I was tasked with a rather open-ended assignment: to document the workflow processes of my organization. I spoke with my coworkers and boss and concluded that this task would not only cover programming-related documentation, but also office workflows of past, present, and future tasks.
As a recent-hire, my ability to modify behavior and habits are limited. However, this does not mean I am unable to influence behavior and habits. I've done some research on the subject on the Workplace:
- How to start a discussion in a startup in order to start using a more useful workflow tool
- How do I effectively handle this situation of no workflow?
- How do I request new equipment for the office?
To name a couple.
My current strategy is to identify tools and software that are currently available to the organization, namely office 365, and start to utilize the tools to my current assigned projects and assignments (Planner, Yammer, Flow) and then invite project teammates to the service. Essentially, hook: invite, line: let's collaborate and keep track of things, sinker: let us start to use the tool for other projects.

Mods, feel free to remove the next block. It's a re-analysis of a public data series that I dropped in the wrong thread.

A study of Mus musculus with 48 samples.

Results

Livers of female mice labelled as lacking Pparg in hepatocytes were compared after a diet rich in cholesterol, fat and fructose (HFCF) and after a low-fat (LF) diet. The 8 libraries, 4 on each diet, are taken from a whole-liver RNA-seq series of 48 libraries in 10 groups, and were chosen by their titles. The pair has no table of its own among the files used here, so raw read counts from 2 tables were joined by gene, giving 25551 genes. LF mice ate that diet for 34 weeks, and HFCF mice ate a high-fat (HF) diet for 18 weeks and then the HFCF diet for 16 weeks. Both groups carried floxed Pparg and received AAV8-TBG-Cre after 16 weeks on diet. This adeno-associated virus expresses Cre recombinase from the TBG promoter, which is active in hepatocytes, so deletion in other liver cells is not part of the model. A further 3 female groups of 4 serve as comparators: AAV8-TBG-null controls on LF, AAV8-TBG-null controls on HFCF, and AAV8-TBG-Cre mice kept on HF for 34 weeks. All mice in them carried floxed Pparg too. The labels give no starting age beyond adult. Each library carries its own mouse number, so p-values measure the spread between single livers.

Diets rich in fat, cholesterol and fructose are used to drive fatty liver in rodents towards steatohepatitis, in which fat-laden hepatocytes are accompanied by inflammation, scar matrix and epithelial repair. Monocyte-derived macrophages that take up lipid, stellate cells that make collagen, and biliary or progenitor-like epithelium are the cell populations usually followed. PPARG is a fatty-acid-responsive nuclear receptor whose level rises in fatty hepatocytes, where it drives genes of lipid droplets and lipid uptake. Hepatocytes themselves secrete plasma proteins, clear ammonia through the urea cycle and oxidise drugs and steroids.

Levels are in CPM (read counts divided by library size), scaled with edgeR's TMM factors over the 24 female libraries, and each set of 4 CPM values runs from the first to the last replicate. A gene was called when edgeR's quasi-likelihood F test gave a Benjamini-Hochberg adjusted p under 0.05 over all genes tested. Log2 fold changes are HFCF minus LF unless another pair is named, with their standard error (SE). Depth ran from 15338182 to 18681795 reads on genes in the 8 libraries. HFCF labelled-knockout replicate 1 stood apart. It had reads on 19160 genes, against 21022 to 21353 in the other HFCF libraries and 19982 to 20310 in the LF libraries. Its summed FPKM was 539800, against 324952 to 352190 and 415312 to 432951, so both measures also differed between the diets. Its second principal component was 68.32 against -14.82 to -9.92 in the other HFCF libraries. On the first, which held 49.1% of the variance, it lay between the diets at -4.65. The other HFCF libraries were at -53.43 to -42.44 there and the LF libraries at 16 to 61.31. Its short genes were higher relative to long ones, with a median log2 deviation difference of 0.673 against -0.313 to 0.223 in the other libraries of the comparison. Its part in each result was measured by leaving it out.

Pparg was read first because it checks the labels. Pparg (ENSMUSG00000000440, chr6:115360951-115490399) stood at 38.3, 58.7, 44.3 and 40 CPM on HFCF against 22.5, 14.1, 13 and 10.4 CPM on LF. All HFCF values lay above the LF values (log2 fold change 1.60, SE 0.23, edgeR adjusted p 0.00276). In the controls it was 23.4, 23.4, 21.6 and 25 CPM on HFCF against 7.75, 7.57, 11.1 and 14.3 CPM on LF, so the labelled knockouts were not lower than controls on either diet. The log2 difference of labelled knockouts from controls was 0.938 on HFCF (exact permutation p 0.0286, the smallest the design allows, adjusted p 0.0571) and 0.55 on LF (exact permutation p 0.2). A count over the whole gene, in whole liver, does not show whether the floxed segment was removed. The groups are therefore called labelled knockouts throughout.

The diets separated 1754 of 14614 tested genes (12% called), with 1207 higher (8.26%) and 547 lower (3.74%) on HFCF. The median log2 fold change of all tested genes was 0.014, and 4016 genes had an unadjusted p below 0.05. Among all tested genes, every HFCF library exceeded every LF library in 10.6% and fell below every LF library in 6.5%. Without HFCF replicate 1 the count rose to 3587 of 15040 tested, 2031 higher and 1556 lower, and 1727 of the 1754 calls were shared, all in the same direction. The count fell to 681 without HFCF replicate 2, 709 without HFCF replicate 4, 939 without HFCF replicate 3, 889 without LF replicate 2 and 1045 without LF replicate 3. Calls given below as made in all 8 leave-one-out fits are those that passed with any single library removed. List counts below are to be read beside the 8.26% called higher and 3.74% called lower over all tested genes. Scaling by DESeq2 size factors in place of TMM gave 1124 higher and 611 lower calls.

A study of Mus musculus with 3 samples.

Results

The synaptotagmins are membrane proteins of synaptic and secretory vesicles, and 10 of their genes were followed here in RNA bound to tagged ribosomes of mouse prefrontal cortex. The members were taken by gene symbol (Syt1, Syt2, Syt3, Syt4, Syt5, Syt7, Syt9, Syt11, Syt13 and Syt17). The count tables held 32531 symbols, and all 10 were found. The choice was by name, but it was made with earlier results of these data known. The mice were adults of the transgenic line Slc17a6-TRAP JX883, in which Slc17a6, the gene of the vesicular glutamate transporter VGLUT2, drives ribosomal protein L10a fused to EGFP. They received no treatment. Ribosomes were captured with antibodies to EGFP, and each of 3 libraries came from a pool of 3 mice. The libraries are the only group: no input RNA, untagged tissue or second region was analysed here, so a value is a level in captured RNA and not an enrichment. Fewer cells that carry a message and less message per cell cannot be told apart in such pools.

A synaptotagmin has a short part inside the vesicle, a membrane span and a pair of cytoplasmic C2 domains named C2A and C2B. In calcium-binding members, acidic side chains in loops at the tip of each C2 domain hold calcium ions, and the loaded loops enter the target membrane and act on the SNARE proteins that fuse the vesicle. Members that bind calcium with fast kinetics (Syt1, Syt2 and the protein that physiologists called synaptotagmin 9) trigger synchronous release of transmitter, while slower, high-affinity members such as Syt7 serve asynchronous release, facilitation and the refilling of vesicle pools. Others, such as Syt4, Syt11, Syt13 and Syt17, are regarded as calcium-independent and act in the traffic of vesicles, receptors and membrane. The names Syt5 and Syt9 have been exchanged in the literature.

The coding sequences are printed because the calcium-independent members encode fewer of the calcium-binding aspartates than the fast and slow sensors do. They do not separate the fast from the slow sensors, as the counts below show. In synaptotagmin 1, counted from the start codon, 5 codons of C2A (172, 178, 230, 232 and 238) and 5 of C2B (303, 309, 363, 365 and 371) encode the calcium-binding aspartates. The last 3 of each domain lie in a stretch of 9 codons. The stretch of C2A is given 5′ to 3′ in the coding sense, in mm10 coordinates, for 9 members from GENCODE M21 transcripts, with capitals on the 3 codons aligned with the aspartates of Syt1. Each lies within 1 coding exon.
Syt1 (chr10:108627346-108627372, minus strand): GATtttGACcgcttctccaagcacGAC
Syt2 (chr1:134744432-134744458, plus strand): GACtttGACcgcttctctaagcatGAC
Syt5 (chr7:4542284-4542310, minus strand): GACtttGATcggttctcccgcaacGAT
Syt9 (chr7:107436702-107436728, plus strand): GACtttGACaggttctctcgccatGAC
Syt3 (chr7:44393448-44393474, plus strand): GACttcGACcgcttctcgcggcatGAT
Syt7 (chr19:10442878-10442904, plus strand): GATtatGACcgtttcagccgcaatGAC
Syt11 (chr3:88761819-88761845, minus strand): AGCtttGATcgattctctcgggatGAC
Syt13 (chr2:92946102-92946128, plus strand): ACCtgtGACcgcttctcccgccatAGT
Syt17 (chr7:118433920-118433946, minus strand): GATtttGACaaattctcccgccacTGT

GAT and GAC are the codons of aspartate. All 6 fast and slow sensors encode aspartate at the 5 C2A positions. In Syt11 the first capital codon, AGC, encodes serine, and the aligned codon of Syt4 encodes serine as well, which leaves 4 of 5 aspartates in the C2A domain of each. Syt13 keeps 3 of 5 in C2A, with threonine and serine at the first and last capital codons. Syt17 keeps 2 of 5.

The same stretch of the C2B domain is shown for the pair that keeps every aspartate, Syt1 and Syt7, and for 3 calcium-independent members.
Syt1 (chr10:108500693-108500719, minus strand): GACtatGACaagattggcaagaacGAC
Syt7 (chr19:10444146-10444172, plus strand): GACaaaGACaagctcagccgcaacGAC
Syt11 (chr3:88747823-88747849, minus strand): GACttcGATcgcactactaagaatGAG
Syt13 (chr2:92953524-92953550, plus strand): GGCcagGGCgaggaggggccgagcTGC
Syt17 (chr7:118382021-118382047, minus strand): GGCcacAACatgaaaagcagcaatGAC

The contents of my research have me to conclude that much of the best-practices is to present the needs as a cost-benefit comparison and how it will impact the organization as a whole (increase efficiency, tracking, etc...) I have high confidence that this method would work from a top-down approach. i.e. Management, after reviewing my analysis and proposals, will then make a decision and then implement from the top-down.
What I see as a missed opportunity in their answers is:
- How do I create buy-in and influence coworkers as an equal, innocuously?
Update as of 2017-09-25
Brief update as it has been a couple months since I've started. Given the advice from this question, I've thought about Thomas' suggestions seriously and I've introduced Microsoft Planner into the task-management side of things for the office.
- There is buy-in, but utilization is limited to the data-oriented side of the shop, as most have their personal means of task management.
- I did not impose the tool on anyone, it was more along the lines of "this is how I track things, feel free to try it out or not, if you have any questions, let me know and I'll help"
Now that I have a means of keeping track of what was done, the next step would be how it is done. My current plan is to use a wiki-based documentation for workflow processes. I've gotten permission to execute, but implementation is currently on the back-burner until current projects complete.